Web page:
Monday, June 11, 2007
Pierrot Le Fou
I asked for a bird, and received a Parisian Canary. For the moment I'm calling him Le Fou, since, as Sasha says, he looks crazy, like something perpetually trapped in a windtunnel. He's tiny and his feathers are yolk yellow, white, charcoal and bark brown, all scrambled about in a frilly whirl that ought to become inspiration for next spring's fashion. He came to us wounded--his girlfriend, maybe sensing his impending departure, attacked his foot, and he dripped small amounts of blood on his perch during his first 24 hours. All the same he began singing the very day he arrived, which I took as a sign that he approved of his new surroundings. He's warmed to the call of sparrows and finches through the open door, and hasn't seemed to mind the crasser caterwaul of the foot-long crows that appear like inky blots in the air above the garden. (For the moment, the jays have disappeared.) I take him out in his cage for air, but worry as the overfed robins and the wily squirrels begin circling in. Animal curiosity or something more predatory? I don't wait to find out. I bring Le Fou inside.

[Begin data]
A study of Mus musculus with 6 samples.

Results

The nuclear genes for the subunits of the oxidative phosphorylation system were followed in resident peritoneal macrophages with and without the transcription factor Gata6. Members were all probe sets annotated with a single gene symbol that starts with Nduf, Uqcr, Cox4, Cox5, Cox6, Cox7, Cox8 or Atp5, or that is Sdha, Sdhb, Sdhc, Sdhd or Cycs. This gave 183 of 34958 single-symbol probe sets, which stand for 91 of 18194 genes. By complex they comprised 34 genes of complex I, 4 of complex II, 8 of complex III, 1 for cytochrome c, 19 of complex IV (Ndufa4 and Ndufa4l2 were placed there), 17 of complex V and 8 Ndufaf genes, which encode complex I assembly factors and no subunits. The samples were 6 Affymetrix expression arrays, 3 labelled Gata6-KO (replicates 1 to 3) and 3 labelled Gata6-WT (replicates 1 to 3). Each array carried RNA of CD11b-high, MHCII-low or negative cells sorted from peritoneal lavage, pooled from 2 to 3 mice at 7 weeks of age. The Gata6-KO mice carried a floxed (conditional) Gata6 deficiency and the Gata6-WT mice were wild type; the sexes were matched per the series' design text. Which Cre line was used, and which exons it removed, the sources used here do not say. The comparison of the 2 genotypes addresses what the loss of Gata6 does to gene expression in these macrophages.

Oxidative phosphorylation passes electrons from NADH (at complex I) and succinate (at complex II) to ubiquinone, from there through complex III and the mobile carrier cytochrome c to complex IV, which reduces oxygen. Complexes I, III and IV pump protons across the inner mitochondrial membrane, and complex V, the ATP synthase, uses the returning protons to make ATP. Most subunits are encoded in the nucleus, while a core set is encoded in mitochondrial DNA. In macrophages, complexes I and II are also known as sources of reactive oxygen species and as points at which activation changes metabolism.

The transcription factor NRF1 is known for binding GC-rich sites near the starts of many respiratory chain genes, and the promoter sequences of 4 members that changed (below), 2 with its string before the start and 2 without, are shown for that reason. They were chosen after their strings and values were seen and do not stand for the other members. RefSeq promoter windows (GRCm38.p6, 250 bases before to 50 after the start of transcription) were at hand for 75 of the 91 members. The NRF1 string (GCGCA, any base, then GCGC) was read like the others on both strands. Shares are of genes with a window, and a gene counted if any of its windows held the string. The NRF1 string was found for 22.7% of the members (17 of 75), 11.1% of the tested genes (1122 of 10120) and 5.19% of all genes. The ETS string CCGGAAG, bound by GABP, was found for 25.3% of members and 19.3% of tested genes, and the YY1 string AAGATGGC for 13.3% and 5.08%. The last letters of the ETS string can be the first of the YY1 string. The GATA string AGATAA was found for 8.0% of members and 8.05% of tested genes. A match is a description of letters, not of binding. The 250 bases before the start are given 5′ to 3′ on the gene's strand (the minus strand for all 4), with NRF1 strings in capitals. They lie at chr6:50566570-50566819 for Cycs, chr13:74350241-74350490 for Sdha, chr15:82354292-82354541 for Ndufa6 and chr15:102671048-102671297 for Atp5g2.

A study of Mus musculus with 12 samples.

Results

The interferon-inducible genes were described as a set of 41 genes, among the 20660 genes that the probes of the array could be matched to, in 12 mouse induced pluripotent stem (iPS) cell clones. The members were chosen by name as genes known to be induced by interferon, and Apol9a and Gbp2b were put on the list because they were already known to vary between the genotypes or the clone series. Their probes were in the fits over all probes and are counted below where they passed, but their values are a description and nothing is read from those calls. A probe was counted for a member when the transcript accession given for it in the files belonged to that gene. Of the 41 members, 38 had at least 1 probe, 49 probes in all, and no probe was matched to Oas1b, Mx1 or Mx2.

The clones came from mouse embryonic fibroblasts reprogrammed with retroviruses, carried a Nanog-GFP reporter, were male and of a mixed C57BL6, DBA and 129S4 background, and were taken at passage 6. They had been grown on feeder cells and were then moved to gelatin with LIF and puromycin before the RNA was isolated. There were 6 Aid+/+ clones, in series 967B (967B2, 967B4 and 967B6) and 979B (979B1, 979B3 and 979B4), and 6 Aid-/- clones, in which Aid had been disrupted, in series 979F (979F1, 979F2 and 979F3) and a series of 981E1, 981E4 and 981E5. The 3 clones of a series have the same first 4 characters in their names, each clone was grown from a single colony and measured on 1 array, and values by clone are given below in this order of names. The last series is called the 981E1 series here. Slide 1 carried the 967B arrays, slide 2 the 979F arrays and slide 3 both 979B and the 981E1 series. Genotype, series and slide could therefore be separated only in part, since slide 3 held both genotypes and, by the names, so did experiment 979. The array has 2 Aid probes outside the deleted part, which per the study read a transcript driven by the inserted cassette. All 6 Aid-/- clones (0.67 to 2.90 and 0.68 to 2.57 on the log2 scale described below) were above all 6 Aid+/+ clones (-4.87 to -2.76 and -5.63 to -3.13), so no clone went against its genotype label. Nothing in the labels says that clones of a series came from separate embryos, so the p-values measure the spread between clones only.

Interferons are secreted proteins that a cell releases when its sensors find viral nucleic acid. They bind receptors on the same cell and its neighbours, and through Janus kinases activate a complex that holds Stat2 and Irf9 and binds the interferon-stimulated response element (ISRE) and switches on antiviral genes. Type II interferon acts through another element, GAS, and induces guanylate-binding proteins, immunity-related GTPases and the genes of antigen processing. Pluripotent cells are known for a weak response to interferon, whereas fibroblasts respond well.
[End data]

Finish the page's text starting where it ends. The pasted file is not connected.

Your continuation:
This morning I put on the radio, having read that this species loves classical music. Now Fou is singing in loving, if independent, accompaniment. The song that projects grandly from his tiny mouth is exquisitely pitched and variously phrased. He inquisitively chirps as though to say--So? So? and then launches into complex arias. Right now the local classical station is playing a segment called "For The Birds," and Fou is alternately silenced and provoked to elaborate song. He really let go during the Swan Lake Waltz No. 2.
The Parisian Canary is solitary, timid and a bit high strung. I know the type.
His flying is limited to a great deal of horizontal dashing, the kind Mark Morris' dancers often do in chorus. And then of a sudden he'll flutter his wings with flourish, also like one of Mark's dancers, and remind you that beauty, joy and pleasure arrive suddenly, like bubbles from below, and just as suddenly are gone.